Written by Ed Tant
This weekend marks the 100th anniversary of the birth of Woody Guthrie, one of America’s most important and most radical songwriters. Best known for his song “This Land Is Your Land,” Guthrie wrote hundreds of tunes that combined his leftist politics and his impish sense of humor. “Left wing, chicken wing — it don’t make no difference to me,” he said.
Born in the small town of Okemah, Okla., on July 14, 1912, Guthrie was named for Woodrow Wilson, the Democrat who was elected president in the hotly contested election of that year. Though his father was active in Democratic Party politics, Guthrie held both major parties in contempt, writing in one of his songs, “If you’re a Republican or a Democrat or a white hood Ku Klux Klan, no use to ring my doorbell, ’cause I’ll never be your man.”
The Oklahoma of Guthrie’s childhood was a hotbed of political dissent. The state’s Socialist Party was a powerful political force, and socialist leader Eugene Debs was a frequent visitor to Oklahoma during his campaigns for the presidency — when the 20th century was young and radicalism was a force in American politics. Oklahoma farmers and factory workers flocked to socialist rallies to hear Debs “preach the red gospel.” Such a strong undercurrent of radical politics in his home state had a major influence on Guthrie’s life and art.
As the Depression and the Dust Bowl raged in the 1930s, Guthrie mingled with migrant workers, and like other “Okies” he traveled to California in search of both adventure and a better life. “He knew drifters and movie stars, migrant workers and Skid Row barflies, Martha Graham dancers and dance hall floozies, abstract expressionists Jackson Pollock and Robert Motherwell … and he wrote about them all,” said writer Ed Cray, author of “Ramblin’ Man: The Life and Times of Woody Guthrie.”
On the road and in “hobo jungles” across America during the Depression, Guthrie sang in a raw but honest voice as he honed his skills on guitar, fiddle, mandolin and harmonica. His travels and travails made him seem like a political and musical version of the beleaguered Tom Joad character in author John Steinbeck’s novel, “The Grapes of Wrath.”
Guthrie himself seemed to see the parallel between himself and the literary character. In his song “Tom Joad,” Guthrie wrote, “Wherever little children are hungry and cry,/ Wherever people ain’t free/ Wherever men are fighting for their rights/ That’s where I’m a-gonna be.”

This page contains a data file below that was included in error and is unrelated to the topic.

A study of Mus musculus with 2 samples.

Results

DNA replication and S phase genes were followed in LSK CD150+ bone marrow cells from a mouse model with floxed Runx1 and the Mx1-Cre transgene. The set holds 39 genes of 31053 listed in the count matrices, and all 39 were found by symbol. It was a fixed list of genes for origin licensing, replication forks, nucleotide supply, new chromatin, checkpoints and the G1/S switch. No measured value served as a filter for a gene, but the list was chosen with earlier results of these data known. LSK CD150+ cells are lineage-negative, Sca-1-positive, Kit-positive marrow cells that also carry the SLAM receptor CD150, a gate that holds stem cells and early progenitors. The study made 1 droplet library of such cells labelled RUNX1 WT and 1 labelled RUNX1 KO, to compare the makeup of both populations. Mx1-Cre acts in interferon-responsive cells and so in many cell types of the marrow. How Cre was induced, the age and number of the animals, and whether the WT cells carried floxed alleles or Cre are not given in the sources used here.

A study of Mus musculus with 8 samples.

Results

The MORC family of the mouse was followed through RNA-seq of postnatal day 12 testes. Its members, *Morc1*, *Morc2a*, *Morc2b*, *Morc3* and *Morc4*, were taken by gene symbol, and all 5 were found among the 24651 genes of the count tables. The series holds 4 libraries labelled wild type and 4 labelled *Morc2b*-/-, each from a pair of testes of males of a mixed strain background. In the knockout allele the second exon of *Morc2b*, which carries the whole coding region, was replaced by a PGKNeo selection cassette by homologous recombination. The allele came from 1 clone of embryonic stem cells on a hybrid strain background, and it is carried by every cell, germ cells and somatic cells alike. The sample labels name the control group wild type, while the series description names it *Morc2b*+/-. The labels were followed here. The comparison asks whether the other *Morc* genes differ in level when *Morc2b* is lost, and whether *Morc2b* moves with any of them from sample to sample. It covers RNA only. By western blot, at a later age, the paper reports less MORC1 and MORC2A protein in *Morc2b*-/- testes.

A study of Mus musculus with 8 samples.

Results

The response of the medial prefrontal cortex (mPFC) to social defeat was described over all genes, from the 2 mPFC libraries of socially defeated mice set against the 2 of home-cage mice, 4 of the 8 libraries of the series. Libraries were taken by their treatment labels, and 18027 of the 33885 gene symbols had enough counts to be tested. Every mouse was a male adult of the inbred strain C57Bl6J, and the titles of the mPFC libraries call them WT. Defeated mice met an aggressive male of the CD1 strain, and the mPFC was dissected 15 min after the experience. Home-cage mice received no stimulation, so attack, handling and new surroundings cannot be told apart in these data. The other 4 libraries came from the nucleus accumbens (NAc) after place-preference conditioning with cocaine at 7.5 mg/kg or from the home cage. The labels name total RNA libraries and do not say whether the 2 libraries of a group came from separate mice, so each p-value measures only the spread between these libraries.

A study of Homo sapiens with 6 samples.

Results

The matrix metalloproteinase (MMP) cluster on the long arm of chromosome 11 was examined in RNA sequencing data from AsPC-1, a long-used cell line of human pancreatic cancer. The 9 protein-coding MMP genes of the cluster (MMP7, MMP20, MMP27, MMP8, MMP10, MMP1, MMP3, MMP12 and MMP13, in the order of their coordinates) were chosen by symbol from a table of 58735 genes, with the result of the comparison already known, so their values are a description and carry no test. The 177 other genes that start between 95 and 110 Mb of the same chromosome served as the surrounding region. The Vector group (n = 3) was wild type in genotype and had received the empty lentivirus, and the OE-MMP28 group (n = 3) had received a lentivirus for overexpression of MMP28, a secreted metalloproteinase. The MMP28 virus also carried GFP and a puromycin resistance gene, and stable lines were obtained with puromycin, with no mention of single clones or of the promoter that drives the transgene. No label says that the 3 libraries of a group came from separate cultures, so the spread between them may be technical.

Politicians, plutocrats, preachers and police waged war against workers during the Depression, and Woody Guthrie fired back with his words and music. A small sign on his guitar proclaimed, “This Machine Kills Fascists” and in his angry song, “All You Fascists,” he wrote, “I’m gonna tell all you fascists/ You may be surprised/ The people in this world/ Are getting organized/ You’re bound to lose/ You fascists bound to lose.”
Guthrie died in 1967, but like songwriter and labor activist Joe Hill in the years before World War I, he had a lasting influence on generations of musicians like Bob Dylan, Pete Seeger, Joan Baez, Billy Bragg, Bruce Springsteen and Arlo Guthrie, his son — who followed in his father’s footsteps. America still needs its radicals like Woody Guthrie in a current time when multinational big businesses are considered people and both major political parties kowtow to corporate powerbrokers.
On the 100th anniversary of his birth, the wise and witty words of Woody Guthrie still ring true: “As through this world I’ve wandered, I’ve seen lots of funny men. Some will rob you with a six-gun, and some with a fountain pen.”
About the AuthorTant has been an Athens columnist since 1974. His work also has appeared in The New York Times, The Progressive, Astronomy magazine and other publications.